Maryland men’s basketball dropped its Big Ten opener Friday night, falling at Indiana, 65-53. The Terps never led in the contest.
Here are three takeaways from the game.
The Terps had no answer down low
Maryland’s depth in the post was always going to be somewhat of a concern. Outside of Julian Reese, the Terps entered the season without any proven players down low. Donta Scott has at times looked productive in that role, but is far better suited as a wing. Jordan Geronimo looked like a potential candidate to pick up some of the slack, but fell far from his recent production against a better opponent, failing to score Friday night.
Outside of those frontcourt starters, Maryland’s forward depth is slim. Caelum Swanton-Rodger and Mady Traore are yet to prove themselves as viable alternatives, and wings like Jamie Kaiser Jr. and Noah Batchelor don’t yet possess the defensive versatility to consistently hold their own near the hoop.
Indiana saw this and took advantage of it. Starting forwards Kel’el Ware, Malik Reneau and Mackenzie Mgbako combined for 42 points, and Ware led the way with 18 points of his own to go along with 14 rebounds. All three were also able to step outside the paint and drain a 3-point shot, displaying the versatility Maryland hopes to develop from its forwards.
Those three, plus Indiana’s substitutes, made it hard for Maryland on the offensive end as well. Maryland missed 12 of its 21 layups Friday, unable to confidently feed the post or drive to the rim.
The Terps don’t possess the ability to alter games with their rim protection yet, and while Reese has shown himself to be a capable — and at times elite — forward in the Big Ten, the lack of a defined supporting cast around him makes it difficult for Maryland to command the paint.
A similar story on the road
Maryland’s road struggles under Willard have been well-documented and discussed ad nauseam, but having no road wins against teams ranked in KenPom.com’s top 215 nationally doesn’t happen by mistake. Almost all of these games have followed a similar script: a slow start, poor shooting and a general lack of intensity.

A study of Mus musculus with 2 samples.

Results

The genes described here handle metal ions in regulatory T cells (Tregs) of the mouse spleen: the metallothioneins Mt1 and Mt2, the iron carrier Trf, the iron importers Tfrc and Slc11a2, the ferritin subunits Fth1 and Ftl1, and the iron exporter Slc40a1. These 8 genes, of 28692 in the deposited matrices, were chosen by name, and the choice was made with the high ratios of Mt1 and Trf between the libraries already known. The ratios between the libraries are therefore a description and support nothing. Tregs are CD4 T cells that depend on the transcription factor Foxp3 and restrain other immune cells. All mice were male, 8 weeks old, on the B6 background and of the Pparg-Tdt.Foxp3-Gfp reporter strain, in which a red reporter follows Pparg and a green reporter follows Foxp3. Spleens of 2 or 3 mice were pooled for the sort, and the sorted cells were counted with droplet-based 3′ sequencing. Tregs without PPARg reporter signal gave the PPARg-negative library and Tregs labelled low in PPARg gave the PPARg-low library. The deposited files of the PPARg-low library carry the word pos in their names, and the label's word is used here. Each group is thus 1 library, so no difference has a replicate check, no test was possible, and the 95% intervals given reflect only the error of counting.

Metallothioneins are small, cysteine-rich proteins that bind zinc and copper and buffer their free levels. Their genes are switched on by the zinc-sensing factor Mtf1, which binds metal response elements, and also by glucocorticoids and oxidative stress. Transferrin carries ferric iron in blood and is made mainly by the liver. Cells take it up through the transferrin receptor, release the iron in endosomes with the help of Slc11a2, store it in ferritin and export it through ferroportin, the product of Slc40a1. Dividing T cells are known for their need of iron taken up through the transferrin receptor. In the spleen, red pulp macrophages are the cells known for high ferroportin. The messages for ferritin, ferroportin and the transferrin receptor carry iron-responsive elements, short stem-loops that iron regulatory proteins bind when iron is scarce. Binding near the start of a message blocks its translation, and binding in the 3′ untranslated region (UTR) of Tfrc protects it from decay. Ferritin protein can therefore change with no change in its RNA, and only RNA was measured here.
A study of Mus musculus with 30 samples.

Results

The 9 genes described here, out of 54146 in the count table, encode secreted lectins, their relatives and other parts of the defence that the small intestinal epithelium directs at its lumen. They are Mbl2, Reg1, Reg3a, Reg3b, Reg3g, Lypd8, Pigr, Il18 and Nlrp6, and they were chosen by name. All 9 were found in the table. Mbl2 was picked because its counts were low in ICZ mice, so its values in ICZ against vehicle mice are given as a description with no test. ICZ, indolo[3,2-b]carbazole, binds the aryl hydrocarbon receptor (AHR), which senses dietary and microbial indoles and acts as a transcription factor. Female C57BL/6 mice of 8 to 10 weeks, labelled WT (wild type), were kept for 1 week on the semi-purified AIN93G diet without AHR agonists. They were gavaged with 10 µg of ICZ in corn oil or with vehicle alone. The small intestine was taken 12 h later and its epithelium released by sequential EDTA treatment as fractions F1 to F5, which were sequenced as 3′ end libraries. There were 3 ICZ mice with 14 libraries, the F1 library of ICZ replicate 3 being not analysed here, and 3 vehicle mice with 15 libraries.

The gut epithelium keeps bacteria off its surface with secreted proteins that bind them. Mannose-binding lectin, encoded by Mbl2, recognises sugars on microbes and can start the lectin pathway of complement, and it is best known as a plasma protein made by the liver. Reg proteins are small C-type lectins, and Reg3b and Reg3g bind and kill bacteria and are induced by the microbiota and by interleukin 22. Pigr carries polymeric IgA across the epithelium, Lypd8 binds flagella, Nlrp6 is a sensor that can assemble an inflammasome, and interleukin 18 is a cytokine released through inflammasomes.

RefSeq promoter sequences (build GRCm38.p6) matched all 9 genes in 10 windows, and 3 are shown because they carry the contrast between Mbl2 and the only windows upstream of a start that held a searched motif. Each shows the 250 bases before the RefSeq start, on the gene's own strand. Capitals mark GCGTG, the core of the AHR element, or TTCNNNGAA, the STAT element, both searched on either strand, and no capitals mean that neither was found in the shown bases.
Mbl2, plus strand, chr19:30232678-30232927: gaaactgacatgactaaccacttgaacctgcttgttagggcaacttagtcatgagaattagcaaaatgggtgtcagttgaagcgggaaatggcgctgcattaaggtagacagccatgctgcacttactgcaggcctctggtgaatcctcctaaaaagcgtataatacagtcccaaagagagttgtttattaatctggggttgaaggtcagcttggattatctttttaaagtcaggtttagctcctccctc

That was exactly what happened Friday night. Maryland came out of the gates flailing and was instantly buried in a hole it never fully emerged from. It’s hard to make headway when scoreless possessions continue to add up and the opponent grabs 16 more rebounds.
Regardless of where they’re playing, the Terps have firmly established themselves are one of the least reliable 3-point shooting groups in the nation, and that was supported by a 2-for-16 showing at Assembly Hall. Combine those struggles with the aforementioned difficulties penetrating the paint, and it’s a recipe for disaster.
When the offense looks disjointed and the opponent is having its way, the little things can be what pushes a team over the edge on the road. But Maryland didn’t do those things right either, responsible for 12 turnovers and six missed free throws. Indiana wasn’t better in either department, but it didn’t need to be.
It’s early, but the clock is already ticking
The Terps are only eight games into their 31-game regular season, but their start has been about as poor as anybody could have reasonably expected. Not including home games against teams they paid to play at home and beat, they’ve lost every game of consequence, and their two matchups with high-major competition have resulted in decisive defeats.
Perhaps most importantly from a long-term perspective, the first eight games of Willard’s second season haven’t produced much reason to believe that this team will be an improvement from his first. For recruiting and perception purposes, this season is monstrously important for determining the fate of Willard’s tenure in College Park. He needs to recapture some of the energy of his first team to make sure the program continues to move in the right direction.
Last year, Maryland was able to overcome its inability to win on the road by blitzing through its home slate and registering substantive wins in College Park. This upcoming Wednesday, Maryland will host its first Big Ten opponent when Penn State comes to town. It’s now nothing short of a must-win if Maryland wants to instill any confidence in its fans.
The Nittany Lions are widely expected to finish near the bottom of the Big Ten, but if they are able to walk into XFINITY Center and take down the Terps, noise around the program will really start to heat up, and not in a good way. For the sake of keeping everything together, Willard and his team must make sure that doesn’t happen.